Here’s what I think about families today: We’re good at sharing information with our kids, but terrible at helping them see Jesus. We pass along facts with the hope that they’ll inspire passion. But this never happens, nor was it ever intended to.

It has been said, “Kids would rather see a sermon that hear one any day.” Meaning, we can do our very best at teaching our kids about Jesus, but at the end of the day, they will learn much more about the God we profess by watching the way we live.

This is true. But outside of the example of our lives – which is huge – what is the most simplistic, yet effective, way to teach our kids about Jesus?

Tell them stories.

Jesus did it. They were called parables. Jesus told simple stories using the surroundings of his “students” to teach them a single idea. And if it was good enough for Him, then it’s good enough for us.


(Here’s a picture of a man and a boy. Looks like they’re fishing. This would be a great place to tell a story)   🙂

What type of stories do I mean? Well here’s a few examples to start….

Tell them stories of how Jesus loved people. If I’m speaking to a group of people that are either young in their faith or are not believers, this is where I go. It seems most people have a picture of God being this distant “force” of sorts. Helping people see how Jesus blasted the religious, yet showed compassion to the sinners and outcasts, allows them to form a new category for the heart of God.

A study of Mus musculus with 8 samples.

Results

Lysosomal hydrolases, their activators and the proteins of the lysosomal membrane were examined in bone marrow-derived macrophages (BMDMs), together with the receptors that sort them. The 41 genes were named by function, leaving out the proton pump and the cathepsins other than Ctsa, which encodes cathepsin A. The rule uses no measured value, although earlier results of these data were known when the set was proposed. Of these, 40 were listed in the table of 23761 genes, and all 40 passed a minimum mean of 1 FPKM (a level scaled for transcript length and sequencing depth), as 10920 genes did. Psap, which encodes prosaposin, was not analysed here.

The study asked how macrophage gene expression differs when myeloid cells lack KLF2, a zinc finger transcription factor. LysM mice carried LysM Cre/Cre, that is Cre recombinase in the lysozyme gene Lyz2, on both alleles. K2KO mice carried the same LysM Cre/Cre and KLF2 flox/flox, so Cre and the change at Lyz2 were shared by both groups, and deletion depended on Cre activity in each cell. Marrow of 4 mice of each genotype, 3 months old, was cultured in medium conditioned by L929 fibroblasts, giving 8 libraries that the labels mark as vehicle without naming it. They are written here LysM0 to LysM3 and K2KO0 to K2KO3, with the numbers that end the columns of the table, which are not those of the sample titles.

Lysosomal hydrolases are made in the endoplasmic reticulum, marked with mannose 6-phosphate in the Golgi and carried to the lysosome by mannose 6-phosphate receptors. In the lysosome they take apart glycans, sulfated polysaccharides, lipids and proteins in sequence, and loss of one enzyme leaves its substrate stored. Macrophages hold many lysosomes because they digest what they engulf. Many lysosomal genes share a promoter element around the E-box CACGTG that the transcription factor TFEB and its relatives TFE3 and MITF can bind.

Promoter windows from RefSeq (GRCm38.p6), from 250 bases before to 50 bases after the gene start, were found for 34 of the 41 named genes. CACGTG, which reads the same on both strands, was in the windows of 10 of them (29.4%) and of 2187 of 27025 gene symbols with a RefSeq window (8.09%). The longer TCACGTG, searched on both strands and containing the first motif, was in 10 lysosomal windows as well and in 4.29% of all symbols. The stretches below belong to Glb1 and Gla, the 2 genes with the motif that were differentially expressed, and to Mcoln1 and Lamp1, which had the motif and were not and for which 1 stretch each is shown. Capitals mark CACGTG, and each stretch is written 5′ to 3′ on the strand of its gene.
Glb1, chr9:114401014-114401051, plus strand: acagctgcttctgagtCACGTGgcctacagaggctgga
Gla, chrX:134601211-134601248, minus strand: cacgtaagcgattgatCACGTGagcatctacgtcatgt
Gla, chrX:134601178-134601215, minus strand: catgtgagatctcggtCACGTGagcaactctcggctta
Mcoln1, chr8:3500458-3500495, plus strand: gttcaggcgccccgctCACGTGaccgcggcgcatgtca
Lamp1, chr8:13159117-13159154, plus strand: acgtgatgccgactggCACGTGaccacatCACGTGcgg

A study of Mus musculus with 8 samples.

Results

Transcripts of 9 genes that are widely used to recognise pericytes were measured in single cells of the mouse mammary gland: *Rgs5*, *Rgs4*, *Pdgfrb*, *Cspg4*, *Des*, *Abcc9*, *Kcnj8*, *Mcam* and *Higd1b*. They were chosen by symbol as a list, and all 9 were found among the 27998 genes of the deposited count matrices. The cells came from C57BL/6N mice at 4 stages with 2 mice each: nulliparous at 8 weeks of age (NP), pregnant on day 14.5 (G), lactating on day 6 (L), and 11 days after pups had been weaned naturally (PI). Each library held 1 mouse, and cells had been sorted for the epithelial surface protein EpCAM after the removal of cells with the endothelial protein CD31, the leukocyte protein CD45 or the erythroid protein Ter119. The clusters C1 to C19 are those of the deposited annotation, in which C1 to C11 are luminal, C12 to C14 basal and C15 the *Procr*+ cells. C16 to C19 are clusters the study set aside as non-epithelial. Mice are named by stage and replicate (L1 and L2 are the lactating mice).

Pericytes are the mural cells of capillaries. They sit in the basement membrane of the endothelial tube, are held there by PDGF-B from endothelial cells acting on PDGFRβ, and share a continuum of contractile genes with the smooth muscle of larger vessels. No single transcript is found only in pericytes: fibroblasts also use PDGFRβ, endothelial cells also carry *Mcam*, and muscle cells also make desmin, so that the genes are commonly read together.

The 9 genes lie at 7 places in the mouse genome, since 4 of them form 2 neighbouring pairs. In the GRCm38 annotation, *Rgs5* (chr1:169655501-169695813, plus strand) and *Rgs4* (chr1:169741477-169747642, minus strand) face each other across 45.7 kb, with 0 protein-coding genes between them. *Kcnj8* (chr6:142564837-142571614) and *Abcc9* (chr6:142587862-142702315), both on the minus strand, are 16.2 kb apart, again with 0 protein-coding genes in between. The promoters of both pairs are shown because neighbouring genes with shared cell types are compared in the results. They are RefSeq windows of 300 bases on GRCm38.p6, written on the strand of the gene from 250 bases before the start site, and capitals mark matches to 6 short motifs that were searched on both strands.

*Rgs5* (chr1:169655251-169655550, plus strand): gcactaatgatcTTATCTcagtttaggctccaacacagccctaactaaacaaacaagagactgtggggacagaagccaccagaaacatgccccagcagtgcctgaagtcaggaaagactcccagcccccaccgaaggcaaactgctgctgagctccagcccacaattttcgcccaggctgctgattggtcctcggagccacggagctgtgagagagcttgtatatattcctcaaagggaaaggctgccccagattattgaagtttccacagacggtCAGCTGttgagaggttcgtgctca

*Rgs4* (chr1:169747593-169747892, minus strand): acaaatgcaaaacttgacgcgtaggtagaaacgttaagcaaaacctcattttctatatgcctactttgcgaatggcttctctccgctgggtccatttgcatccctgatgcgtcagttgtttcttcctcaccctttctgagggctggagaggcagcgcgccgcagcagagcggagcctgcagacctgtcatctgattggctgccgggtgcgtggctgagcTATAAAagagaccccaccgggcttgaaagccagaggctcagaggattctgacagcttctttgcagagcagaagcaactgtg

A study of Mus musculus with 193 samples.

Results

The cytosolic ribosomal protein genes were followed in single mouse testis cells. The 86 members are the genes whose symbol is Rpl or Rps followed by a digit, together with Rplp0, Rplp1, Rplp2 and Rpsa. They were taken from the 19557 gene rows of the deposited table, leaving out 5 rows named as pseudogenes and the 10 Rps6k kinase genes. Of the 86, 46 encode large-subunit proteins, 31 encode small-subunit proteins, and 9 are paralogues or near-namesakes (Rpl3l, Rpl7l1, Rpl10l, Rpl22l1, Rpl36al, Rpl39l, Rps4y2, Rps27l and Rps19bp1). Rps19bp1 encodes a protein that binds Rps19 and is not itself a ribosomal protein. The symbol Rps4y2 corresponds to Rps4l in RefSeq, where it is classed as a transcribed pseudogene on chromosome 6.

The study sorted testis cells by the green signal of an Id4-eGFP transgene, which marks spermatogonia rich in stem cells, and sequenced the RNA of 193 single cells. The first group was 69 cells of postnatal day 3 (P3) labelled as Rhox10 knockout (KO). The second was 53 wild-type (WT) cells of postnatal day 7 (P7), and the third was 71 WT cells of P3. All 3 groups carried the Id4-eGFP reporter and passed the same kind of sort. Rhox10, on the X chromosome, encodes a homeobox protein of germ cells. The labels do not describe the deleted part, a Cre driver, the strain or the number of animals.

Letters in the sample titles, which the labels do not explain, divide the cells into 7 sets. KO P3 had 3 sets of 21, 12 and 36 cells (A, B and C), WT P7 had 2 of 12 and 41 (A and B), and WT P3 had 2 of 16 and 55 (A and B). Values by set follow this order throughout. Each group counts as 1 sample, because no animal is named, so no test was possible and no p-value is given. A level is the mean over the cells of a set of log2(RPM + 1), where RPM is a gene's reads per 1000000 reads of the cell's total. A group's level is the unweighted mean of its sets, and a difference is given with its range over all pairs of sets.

Tell them the story of how God transformed your life. Your story is powerful, yet most of us don’t share it with our kids. We end up simply transporting them to and from church even though our story validates that God really can meet our needs, fill our hearts, and transform the trajectory of our lives.

Tell them stories of your imperfections. Some of us really believe our kids think we’re perfect. Umm…no. They don’t. When we open up to tell them about our insecurities, our past – or present – struggles or even our former sin issues, we become more relatable. We don’t necessarily need to share specifics about something we did in the 10th grade, but we can use general stories of who we are or what we did to remind them that God’s grace can meet them where they are as well.

Tell them stories of God’s faithfulness in your life. It’s one thing for our kids to hear how God saved Daniel from the lions, or how he raised Jesus from the dead. But if we’re not careful, we inadvertently teach our kids something terrible – that God’s faithfulness was only experienced 2,000 years ago. And we both know this couldn’t be further from the truth.

Have you ever seen God provide for you and your family in a way that was outside of your control and possibilities? Has God comforted you through an extremely difficult trial or loss? Have you experienced God’s sustaining power through a scary “step of faith” type scenario. These are the stories that need to be passed on to show our kids that God is alive and active.

Are there are types of stories that you would add?